The issues that matter most to voters on Election Day
ELISSA NADWORNY, HOST:
It's Election Day in America, and millions are heading to the polls today.
ARI SHAPIRO, HOST:
Early voting numbers surpassed those from the last midterm in 2018. More than 45 million early votes were cast ahead of today. And after months of speculation about what will happen, this is the last chance for voters to have their say.
NADWORNY: NPR spoke to many casting their ballots across the country today to find out what's bringing them to the polls this midterm election. Life after Roe v. Wade is a top-of-mind issue for voters like Celeste Pendarvis in Atlanta, Ga.
CELESTE PENDARVIS: Definitely abortion rights and getting folks in office that will preserve that right.
SHAPIRO: The threat of recession and the reality of inflation are also motivating voters across the country, including Tom Donlin in Waltham, Mass.
TOM DONLIN: And the economy in general - you know, we're at the age we're dependent on our 401(k). And you certainly want the stock market to go back in the right direction. And I think that's all tied in with inflation and, you know, government policies to bring down prices on essentials and get the supply chain moving and keep it moving.
SHAPIRO: And guns continue to be a focus for voters, like Gladie Feliciano in Phoenix, Ariz.
GLADIE FELICIANO: We have a right to bear arms. I think that if somebody comes into our homes, that we should be able to protect ourselves in our own home. But outside of it, like, kids should be able to go to school safely, you know? And I think that there has to be something in place to be able to change.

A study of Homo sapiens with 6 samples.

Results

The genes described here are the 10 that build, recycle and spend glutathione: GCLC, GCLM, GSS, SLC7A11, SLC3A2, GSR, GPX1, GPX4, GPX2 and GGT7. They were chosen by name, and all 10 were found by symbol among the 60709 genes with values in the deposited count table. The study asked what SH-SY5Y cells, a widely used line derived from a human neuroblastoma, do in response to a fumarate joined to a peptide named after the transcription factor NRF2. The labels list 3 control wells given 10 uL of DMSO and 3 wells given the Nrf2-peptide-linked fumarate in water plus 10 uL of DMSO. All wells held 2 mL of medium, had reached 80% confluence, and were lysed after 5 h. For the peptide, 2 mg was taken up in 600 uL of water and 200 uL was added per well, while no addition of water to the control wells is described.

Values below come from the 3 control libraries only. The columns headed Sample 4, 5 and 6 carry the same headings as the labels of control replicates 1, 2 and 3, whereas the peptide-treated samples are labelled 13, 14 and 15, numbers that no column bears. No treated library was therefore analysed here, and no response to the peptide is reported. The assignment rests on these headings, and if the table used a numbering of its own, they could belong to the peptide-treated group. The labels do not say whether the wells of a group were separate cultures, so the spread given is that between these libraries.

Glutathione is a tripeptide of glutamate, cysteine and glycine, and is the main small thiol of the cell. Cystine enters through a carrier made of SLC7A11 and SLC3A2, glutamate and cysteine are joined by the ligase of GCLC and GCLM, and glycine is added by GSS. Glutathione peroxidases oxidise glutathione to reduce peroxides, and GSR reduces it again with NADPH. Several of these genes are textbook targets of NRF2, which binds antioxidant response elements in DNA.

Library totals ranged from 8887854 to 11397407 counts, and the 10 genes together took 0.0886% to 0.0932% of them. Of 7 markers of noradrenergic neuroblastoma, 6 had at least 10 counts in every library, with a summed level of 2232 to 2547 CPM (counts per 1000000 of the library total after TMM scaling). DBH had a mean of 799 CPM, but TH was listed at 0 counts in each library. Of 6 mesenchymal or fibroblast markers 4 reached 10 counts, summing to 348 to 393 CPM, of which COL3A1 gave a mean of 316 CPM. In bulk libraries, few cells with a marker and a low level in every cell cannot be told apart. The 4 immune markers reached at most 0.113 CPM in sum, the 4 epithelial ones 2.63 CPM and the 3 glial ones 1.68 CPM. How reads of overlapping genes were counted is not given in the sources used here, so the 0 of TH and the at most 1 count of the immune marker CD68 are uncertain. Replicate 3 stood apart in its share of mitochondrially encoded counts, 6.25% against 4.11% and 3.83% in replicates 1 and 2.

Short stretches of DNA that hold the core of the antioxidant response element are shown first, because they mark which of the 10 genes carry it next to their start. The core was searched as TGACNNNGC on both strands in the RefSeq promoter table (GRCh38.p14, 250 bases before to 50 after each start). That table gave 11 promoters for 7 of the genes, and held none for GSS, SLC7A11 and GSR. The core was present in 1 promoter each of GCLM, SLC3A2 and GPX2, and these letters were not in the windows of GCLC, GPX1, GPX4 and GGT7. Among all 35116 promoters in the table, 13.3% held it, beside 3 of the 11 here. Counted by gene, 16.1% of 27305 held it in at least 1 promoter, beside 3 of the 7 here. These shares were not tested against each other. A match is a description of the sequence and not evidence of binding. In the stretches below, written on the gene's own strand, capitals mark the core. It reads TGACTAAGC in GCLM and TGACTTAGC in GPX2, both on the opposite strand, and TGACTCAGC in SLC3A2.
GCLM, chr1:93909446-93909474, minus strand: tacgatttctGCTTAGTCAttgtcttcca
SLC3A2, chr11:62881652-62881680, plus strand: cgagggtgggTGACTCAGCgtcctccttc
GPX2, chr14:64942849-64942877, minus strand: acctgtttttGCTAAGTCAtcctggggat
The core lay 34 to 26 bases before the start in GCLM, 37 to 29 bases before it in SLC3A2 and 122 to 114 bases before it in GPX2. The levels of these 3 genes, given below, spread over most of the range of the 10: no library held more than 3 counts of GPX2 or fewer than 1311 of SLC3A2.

NADWORNY: Also, student debt - Marvin Casasola in Waltham has over $100,000 in loans and says the Biden administration's current promise just isn't enough.
MARVIN CASASOLA: I'm one of those students that, you know - or was one of those students still in debt, hoping something can come out of that and that promise that he made when he was running for election. And now, only up to $20,000 cancellation - that's the interest on the capital for, like, a couple of years.
SHAPIRO: Jade Santiago in Tampa, Fla., says she's concerned about a number of social issues.
JADE SANTIAGO: Our current governor is attacking certain LGBTQ+ rights, women's rights, education rights. And I went in there keeping that in mind because I'm an education major, and I fear for my future as an educator.
NADWORNY: Voices from across the country sharing the issues that were central to how they cast their ballots today. Transcript provided by NPR, Copyright NPR.